Overview: There are many different types of insurance that a workplace could get to avoid liability and loss when the unexpected occurs. Whether the insurance covers natural disasters, company cars, employer discrimination or anything else that could affect the workplace, it is always best to be prepared.
What insurance is right for an employer depends on the size, location and industry of the employer. Performing a risk analysis can help decide what insurance bests fits the individualized work environment.
Author: Ashley Shaw, JD, Legal Editor
Updated to incorporate the option to file online objections to unemployment benefits claims, effective April 30, 2016.
Updated to reflect the forthcoming paid family leave requirements.
Updated to reflect New York's forthcoming paid family leave benefits requirements.
Updated to include information on the forthcoming introduction of payroll deductions for paid family leave.
Updated with new 2016 requirement to report employee income tax withheld on quarterly Form 132.
Updated to incorporate a state Supreme Court ruling on disqualifying misconduct under the unemployment insurance law.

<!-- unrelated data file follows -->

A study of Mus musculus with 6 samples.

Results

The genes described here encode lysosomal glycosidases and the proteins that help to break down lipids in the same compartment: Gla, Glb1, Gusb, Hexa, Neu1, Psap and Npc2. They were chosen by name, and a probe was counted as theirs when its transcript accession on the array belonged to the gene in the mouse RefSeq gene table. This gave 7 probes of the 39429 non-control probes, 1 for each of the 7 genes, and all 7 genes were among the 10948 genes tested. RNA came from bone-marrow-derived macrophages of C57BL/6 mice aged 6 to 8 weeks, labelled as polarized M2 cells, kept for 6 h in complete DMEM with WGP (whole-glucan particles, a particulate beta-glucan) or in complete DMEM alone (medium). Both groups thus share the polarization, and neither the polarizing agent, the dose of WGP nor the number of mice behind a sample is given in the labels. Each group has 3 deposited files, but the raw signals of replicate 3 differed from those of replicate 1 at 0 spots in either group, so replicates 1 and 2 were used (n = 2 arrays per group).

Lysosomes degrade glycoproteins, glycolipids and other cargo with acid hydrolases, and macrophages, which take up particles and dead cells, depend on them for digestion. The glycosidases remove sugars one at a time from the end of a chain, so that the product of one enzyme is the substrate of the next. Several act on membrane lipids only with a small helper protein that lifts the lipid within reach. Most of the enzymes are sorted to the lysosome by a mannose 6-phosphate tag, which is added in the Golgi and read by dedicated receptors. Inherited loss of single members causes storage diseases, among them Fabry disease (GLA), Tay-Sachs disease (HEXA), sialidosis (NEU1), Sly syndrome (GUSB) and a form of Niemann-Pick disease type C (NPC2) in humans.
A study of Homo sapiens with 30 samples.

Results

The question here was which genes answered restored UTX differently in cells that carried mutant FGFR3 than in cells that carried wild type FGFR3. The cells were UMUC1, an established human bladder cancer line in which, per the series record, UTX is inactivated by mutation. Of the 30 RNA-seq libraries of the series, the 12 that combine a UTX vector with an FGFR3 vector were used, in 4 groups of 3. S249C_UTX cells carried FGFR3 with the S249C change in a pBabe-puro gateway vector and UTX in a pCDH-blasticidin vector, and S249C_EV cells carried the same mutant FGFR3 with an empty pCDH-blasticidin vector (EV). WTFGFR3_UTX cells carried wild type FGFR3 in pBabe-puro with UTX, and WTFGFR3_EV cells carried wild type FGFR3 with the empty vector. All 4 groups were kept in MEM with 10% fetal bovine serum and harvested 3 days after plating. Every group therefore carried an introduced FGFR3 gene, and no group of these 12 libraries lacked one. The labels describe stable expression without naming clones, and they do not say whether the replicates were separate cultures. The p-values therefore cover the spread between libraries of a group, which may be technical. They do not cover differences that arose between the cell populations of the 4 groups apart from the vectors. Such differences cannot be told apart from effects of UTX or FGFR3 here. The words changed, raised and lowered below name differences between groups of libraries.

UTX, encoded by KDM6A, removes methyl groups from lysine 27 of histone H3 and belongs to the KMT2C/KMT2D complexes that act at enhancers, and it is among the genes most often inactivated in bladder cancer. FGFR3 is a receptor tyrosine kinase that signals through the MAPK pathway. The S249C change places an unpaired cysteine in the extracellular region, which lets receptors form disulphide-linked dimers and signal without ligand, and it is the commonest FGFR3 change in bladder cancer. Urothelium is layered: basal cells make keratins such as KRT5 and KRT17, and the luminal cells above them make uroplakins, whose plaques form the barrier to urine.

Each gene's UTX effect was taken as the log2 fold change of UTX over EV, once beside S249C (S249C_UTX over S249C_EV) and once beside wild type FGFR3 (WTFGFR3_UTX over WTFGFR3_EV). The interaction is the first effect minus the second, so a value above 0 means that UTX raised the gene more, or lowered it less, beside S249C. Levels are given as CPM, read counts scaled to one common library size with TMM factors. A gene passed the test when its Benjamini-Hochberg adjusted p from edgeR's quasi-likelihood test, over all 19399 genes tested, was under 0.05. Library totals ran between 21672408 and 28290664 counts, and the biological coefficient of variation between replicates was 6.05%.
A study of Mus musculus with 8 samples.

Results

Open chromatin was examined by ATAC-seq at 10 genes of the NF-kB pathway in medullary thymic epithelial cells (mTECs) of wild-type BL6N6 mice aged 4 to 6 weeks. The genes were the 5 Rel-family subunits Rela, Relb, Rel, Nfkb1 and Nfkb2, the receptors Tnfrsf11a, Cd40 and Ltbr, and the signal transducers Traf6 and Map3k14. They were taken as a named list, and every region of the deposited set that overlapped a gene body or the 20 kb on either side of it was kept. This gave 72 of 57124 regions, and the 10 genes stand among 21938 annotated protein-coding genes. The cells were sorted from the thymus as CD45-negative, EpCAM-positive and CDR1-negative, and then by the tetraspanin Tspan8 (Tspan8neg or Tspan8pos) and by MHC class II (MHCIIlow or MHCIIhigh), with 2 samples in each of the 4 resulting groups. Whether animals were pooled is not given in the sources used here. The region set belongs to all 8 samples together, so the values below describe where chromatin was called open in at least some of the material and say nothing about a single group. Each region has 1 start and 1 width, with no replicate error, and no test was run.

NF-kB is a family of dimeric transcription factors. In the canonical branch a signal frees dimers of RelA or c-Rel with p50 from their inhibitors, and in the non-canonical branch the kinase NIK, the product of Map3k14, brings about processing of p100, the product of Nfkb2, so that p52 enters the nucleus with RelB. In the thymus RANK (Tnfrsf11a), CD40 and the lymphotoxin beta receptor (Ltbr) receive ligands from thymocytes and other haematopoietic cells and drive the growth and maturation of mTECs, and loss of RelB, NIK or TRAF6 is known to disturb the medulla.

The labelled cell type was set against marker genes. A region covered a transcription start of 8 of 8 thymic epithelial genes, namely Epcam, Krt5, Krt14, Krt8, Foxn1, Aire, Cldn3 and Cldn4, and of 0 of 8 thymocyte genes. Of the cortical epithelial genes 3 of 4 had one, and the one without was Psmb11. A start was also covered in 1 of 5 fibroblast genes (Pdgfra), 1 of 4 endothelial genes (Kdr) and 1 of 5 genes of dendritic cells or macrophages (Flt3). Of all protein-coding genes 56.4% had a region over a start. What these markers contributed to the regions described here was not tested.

A recent amendment to Illinois law and an Illinois Supreme Court ruling have clarified the meaning of "misconduct" that disqualifies a former employee from collecting unemployment insurance (UI) benefits. While both the new law and the ruling provide needed guidance, employers in the state may find it harder to fight a benefit claim on this basis if they do not have specific policies in place.
The Temporary Disability Insurance Requirements by State Quick Reference chart has been updated for 2016.
Most employers pay state unemployment insurance contributions based on the wages they pay to their employees, up to an annual state taxable wage base. Five states also have disability insurance systems with employer and/or employee contributions tied to a taxable wage base. This chart provides employers with each state's current unemployment and disability insurance (if applicable) taxable wage base.
Effective January 3, 2016, Illinois has amended the definition of misconduct that disqualifies an employee from collecting unemployment benefits to include certain specific acts.
HR guidance on obtaining proper insurance for the workplace.